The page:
Back in the medieval times, wizards were individuals who could wield power to perform acts that the hoi polloi could assume to be attributed to magic. However, we know that they were not really wielding magic, but rather were skilled in the art of deception. For this reason, the word "wizard" does not only refer to people with magical powers, but can also refer to a skillful person.
That being said, in the modern era people have taken a liking to seeing those who are technologically adept as something akin to wizards. This is probably due to the third law of Clarke's three laws which states "any sufficiently advanced technology is indistinguishable from magic". Additionally, from Structure and Interpretation of Computer Programs there's a splendid description of how programming factors into the analogy of magic to technology:
In effect, we conjure the spirits of the computer with our spells.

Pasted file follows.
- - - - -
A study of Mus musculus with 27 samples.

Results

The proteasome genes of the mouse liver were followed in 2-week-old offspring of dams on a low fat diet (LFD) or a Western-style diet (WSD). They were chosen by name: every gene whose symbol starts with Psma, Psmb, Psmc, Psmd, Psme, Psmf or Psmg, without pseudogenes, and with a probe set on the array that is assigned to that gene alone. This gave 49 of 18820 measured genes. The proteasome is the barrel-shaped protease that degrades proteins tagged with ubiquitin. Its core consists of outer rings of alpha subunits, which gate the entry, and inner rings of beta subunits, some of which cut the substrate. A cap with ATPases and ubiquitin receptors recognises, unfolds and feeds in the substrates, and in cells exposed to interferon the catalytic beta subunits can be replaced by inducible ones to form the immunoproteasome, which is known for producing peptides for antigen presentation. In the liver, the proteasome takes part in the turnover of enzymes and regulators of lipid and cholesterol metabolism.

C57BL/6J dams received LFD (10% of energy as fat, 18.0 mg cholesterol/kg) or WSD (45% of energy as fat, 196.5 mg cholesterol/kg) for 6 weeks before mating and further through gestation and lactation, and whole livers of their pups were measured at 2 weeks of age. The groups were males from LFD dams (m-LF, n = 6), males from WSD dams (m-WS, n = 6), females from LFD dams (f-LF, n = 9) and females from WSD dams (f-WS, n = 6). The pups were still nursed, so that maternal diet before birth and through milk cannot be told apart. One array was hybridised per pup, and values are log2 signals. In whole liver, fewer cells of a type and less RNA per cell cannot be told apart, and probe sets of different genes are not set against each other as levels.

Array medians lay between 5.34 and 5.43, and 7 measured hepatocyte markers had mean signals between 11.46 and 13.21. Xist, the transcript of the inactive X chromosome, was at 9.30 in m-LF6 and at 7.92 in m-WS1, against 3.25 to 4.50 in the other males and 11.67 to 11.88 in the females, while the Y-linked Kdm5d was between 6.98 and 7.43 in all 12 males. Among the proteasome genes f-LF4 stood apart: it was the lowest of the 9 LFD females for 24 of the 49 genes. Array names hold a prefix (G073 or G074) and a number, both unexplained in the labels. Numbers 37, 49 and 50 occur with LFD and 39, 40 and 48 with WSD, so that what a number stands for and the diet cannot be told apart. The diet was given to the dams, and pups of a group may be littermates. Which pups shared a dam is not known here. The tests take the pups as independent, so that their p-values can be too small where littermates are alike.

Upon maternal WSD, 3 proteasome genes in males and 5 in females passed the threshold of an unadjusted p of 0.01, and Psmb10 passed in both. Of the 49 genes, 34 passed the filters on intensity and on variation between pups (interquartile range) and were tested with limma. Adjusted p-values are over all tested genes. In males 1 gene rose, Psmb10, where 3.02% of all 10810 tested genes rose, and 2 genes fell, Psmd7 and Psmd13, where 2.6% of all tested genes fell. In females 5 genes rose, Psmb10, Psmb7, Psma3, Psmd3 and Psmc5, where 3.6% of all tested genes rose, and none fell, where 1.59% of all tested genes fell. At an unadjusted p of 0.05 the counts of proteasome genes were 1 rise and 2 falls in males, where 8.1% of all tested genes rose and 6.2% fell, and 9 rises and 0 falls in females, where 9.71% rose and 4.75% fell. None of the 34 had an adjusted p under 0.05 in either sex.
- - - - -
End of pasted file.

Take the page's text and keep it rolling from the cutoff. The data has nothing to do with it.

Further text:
A computational process is indeed much like a sorcerer's idea of a spirit.
It cannot be seen or touched.
It is not composed of matter at all.
However, it is very real.
It can perform intellectual work.
It can answer questions.
It can affect the world by disbursing money at a bank or by controlling a robot arm in a factory.
The programs we use to conjure processes are like a sorcerer's spells.
With this in mind, simply addressing one's self as a wizard without any other context tends to lean towards the medieval type of wizard rather than the kind that is well versed in technology. So, to better distinguish between the two I went with the title "Modern Day Wizard".